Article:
Pine (Pinus sp.)
Pines offer some of the finest ornamental needled evergreen trees for civic and residential landscapes. Most pines are trees, often very large trees; but some are shrubs. Pines offer a variety of forms, needle structures, color from blue to dark green and texture from fine to coarse. Many landscape effects can be created with numerous cultivars. Pines can be used for windbreaks, accent trees or even foundation plantings.
Pine trees are called conifers, because they bear cones. They grow throughout the northern temperate regions, from the seashore all the way to timberline in the mountains. Pines are divided into groups according to the number of needles --5, 3 or 2-- bundled together on their branches. Also, they are divided into “soft” and “hard” pine groups. Pines are important not only for their ornamental value but also for lumber, watershed management, resin, turpentine and Christmas trees. There are over 100 species of the genus Pinus recognized worldwide, of which 36 are native to the United States.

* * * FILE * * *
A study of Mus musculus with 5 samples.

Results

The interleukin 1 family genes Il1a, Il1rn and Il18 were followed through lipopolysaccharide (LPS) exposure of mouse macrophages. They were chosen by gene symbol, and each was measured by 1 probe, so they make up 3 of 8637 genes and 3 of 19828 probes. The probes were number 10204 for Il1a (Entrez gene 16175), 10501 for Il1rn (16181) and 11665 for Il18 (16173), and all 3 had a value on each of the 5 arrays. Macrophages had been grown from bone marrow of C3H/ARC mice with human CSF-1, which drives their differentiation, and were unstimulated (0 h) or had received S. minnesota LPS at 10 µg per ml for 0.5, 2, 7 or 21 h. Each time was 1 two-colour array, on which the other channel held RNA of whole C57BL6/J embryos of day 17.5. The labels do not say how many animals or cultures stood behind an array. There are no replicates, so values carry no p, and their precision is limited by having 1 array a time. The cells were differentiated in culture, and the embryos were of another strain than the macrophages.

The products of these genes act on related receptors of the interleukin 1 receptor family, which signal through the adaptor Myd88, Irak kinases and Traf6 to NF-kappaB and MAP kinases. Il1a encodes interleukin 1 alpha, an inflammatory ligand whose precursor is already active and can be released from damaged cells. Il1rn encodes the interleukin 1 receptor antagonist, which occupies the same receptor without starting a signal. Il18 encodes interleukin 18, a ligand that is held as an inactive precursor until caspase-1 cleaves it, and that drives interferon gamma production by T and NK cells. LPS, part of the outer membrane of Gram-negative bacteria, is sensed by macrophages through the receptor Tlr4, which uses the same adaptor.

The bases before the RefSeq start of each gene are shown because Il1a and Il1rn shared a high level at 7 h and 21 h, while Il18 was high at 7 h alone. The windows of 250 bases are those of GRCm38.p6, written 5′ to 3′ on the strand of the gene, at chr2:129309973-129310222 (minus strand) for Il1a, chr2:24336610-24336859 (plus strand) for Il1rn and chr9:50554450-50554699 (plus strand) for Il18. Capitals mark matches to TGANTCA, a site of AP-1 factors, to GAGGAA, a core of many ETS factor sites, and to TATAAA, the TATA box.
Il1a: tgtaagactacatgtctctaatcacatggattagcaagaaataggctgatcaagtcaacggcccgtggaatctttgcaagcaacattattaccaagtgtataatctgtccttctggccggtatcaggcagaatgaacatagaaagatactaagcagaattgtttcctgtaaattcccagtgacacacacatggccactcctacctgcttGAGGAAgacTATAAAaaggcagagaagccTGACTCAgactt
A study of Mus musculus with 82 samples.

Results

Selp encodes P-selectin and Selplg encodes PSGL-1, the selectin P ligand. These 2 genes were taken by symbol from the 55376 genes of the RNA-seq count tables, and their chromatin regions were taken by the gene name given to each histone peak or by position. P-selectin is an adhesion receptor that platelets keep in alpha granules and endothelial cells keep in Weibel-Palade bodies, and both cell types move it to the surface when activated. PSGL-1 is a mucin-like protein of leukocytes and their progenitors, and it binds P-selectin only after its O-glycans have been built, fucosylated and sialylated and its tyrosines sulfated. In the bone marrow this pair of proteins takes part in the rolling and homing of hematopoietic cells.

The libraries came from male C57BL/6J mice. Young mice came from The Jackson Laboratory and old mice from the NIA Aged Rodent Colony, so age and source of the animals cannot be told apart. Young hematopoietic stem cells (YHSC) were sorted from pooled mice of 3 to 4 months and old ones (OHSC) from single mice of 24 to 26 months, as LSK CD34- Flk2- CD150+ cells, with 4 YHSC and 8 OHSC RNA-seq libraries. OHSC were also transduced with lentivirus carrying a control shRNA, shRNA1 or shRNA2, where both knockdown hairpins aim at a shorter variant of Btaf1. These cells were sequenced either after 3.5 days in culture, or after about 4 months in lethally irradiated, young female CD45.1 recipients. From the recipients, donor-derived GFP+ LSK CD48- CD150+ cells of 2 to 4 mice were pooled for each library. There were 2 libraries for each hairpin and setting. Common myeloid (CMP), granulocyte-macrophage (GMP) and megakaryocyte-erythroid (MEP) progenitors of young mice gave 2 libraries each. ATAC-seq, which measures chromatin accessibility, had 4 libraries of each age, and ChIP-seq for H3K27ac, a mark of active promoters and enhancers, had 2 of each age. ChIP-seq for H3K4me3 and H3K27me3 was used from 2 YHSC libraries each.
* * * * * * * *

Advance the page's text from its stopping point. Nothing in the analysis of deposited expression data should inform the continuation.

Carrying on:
Pines have interesting background stories. Certainly that oldest of the pines is the Bristlecone Pine (Pinus aristata). The oldest specimens of this interesting tree are more than 4,000 years old. Egypt’s pyramids were under construction when these trees were seedlings! Pines played a big role in early U.S. history. In colonial times, Eastern White Pines above 24 inches in diameter were reserved by the English government to be used as ships masts. These trees were identified by blazing a broad arrow on the trunk. Because of the colonists general dislike of British rule, this "broad arrow" policy was one more source of friction between the two countries.
For those of us who adore basil pesto, certain pine trees give us edible pine nuts which are an essential ingredient in that special elixir. Unfortunately most landscape type pines produce small seeds that are not considered suitable as a food. The pines that produce seed the size of sunflower seed or larger are considered to be edible nut pines. Dried and toasted, they have a delicious nutty flavor. The species that is used in the landscape and can produce edible pine nuts is the Swiss Stone Pine You must be patient since the tree does not produce cones for at least eight to ten years.